MANAGEMENT: Environmental Consultants Face Heavy Competition

April 1, 1995

3 Min Read
MANAGEMENT: Environmental Consultants Face Heavy Competition

Richard K. Miller

The EU Directive on packaging waste was adopted in December 1994 and covers all types of packaging placed on the market and all packaging wastes. Its objectives are to harmonize national measures while providing a high level of environmental protection and preventing trade obstacles and, as first priority, to prevent packaging wastes.

The fate of the Belgian eco-taxes may be decided in a May general election. While disposable razors have been taxed since January 1, 1994, packaging taxes have been postponed until July 1, 1995. The existing system exempts producers and distributors who are investing to meet the eco-tax law's reuse/recycling targets.

Austria's Packaging Ordinance targets reuse rates of 80, 83, 94 and 96 percent for beverage containers, with mineral wa-ter at the high end. "Reuse" encompasses refilling plus material and thermal use.

The United States environmental consulting market in 1994 was valued between $10 billion and $14 billion, and 1995's market is ex-pected to grow 5 to 8 percent, ac-cording to analysts. These figures present hope for industry members, who for the past three years have revised services, only to bring in the same revenue.

For example, according to a survey of environmental consulting ex-ecutives in 1991, the top areas of consulting were:

* air quality;

* industrial hazardous waste management;

* water quality;

* site remediation; and

* site assessments.

However, in 1994, Future Tech-nology Surveys Inc., Norcross, Ga., conducted a study (see graph) that found the top five areas of consulting to be:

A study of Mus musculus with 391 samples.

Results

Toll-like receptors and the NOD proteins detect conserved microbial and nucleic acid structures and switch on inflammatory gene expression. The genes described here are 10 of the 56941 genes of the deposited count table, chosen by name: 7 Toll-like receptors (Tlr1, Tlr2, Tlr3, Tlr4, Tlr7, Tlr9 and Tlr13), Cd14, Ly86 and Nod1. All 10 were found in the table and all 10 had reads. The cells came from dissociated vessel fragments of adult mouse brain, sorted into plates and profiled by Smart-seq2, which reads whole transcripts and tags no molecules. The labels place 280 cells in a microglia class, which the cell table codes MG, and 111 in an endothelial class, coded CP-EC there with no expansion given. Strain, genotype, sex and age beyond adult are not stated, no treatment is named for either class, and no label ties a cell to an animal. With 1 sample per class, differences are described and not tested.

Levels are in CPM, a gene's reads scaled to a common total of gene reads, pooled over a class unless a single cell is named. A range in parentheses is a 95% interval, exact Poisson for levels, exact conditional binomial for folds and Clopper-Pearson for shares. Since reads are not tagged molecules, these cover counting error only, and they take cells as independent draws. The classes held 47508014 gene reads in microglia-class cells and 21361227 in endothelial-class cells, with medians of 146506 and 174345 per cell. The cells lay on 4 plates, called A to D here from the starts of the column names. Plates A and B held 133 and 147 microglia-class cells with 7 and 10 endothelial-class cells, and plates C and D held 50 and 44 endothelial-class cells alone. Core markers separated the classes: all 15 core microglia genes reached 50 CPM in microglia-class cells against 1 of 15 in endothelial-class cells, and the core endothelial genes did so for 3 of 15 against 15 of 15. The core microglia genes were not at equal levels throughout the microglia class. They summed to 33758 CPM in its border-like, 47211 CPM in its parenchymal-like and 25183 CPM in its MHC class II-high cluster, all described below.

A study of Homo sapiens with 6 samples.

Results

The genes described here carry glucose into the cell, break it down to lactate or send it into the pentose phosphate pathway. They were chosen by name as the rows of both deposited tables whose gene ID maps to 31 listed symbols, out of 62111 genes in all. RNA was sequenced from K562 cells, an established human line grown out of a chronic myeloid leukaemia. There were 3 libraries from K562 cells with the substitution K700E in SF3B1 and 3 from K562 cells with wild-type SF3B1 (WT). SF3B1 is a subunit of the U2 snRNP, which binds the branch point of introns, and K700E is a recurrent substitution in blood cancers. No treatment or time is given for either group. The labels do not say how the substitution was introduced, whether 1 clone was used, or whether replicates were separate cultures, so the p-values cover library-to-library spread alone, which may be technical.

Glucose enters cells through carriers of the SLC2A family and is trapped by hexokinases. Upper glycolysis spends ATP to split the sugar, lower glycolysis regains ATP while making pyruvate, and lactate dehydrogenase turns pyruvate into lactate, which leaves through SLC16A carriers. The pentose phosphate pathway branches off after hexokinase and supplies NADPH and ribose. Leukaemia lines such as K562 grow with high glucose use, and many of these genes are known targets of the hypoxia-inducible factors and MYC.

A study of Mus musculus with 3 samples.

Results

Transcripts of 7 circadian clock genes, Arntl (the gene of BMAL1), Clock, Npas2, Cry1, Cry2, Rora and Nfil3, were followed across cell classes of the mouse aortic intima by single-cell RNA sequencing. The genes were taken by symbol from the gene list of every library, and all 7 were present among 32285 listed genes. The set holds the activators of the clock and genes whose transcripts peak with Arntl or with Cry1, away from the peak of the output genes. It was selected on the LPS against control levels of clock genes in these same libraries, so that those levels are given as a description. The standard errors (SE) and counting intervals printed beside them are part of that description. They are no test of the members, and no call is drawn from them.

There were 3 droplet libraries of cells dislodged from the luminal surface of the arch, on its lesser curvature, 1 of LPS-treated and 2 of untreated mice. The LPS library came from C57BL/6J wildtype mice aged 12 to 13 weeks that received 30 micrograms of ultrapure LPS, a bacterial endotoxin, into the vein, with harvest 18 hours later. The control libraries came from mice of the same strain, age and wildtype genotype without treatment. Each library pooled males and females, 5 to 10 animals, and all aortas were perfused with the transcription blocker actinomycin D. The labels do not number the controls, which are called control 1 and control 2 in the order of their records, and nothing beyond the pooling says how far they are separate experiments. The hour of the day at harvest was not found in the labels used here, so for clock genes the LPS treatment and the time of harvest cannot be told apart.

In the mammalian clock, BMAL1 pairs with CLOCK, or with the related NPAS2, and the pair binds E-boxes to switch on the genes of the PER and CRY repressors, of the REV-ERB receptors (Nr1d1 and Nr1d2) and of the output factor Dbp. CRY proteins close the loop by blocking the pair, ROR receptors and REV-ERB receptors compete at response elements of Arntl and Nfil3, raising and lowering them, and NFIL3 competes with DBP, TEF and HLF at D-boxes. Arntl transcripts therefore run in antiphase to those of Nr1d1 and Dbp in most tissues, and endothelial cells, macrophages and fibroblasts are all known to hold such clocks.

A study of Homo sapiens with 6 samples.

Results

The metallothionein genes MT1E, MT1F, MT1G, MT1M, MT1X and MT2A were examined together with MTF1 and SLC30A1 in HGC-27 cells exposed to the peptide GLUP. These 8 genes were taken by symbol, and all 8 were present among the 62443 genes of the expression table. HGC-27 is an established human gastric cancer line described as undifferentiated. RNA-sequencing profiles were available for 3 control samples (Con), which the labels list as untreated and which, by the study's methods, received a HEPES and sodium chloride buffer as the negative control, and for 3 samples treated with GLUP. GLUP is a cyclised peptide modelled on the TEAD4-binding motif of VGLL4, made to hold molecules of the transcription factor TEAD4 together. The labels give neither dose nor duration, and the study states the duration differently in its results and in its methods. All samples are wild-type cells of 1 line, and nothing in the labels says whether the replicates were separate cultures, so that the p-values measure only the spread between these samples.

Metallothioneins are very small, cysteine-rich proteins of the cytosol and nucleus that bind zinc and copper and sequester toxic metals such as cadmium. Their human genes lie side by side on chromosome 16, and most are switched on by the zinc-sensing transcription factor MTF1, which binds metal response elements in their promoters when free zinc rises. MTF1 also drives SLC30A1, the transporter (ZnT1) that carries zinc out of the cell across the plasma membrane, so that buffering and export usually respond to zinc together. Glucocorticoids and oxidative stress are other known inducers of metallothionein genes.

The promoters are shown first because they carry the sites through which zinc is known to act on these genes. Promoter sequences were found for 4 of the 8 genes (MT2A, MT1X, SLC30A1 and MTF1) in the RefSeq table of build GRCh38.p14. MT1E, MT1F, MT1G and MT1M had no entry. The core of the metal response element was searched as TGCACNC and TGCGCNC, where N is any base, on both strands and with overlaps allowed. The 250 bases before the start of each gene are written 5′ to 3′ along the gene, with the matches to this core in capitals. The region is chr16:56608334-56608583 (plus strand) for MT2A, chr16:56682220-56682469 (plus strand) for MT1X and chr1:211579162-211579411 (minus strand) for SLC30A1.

* pollution prevention and waste minimization;

* site assessments;

* air quality;

* risk assessment and strategic planning; and

* site remediation.

In addition, despite significant growth in the volume of environmental consulting work, revenues are not growing in proportion. En-couraged by excessive competition among consulting firms, clients ex-pect more services for their consulting dollar. Aside from a handful of federal remediation projects, few very large projects exist.

Environmental consulting firms have responded to the competitive market by reducing internal costs, downsizing, focusing on market de-velopment and accepting modest profit margins. To maintain constant revenues, companies are performing more projects at a lower cost-per-project.

The environmental consulting market has become so competitive that firms must continuously re-view their portfolio of services and expand their focus beyond feasibility studies. For example, many consulting firms have been developing stronger construction capabilities, while construction firms are adding more environmental consulting services. In general, clients want full-service capabilities. A company with only one area of expertise likely will not be successful.

Industrial firms prefer to have as few companies as possible handle their waste streams and become intimate with their production processes. With turnkey operations, costs and liabilities are more readily assigned. In the future, a total-systems approach, including e-quipment supply, lab services and treatment and disposal, could be-come a prerequisite for obtaining business in this market.

For the most part, this industry is a buyers' market, and companies must meet client expectations. In commodity services, more agreements are contracted on a per-job basis, compared to time-and-material contracts, such as services for underground storage tanks and site assessments.

Also, industries such as petrochemical manufacturing, which are confronted with environmental problems on a regular basis, are is-suing strict performance standards for frequently-contracted projects. In addition, these companies are asking for lower prices on projects. For more complex projects, industries are asking better questions to evaluate vendors.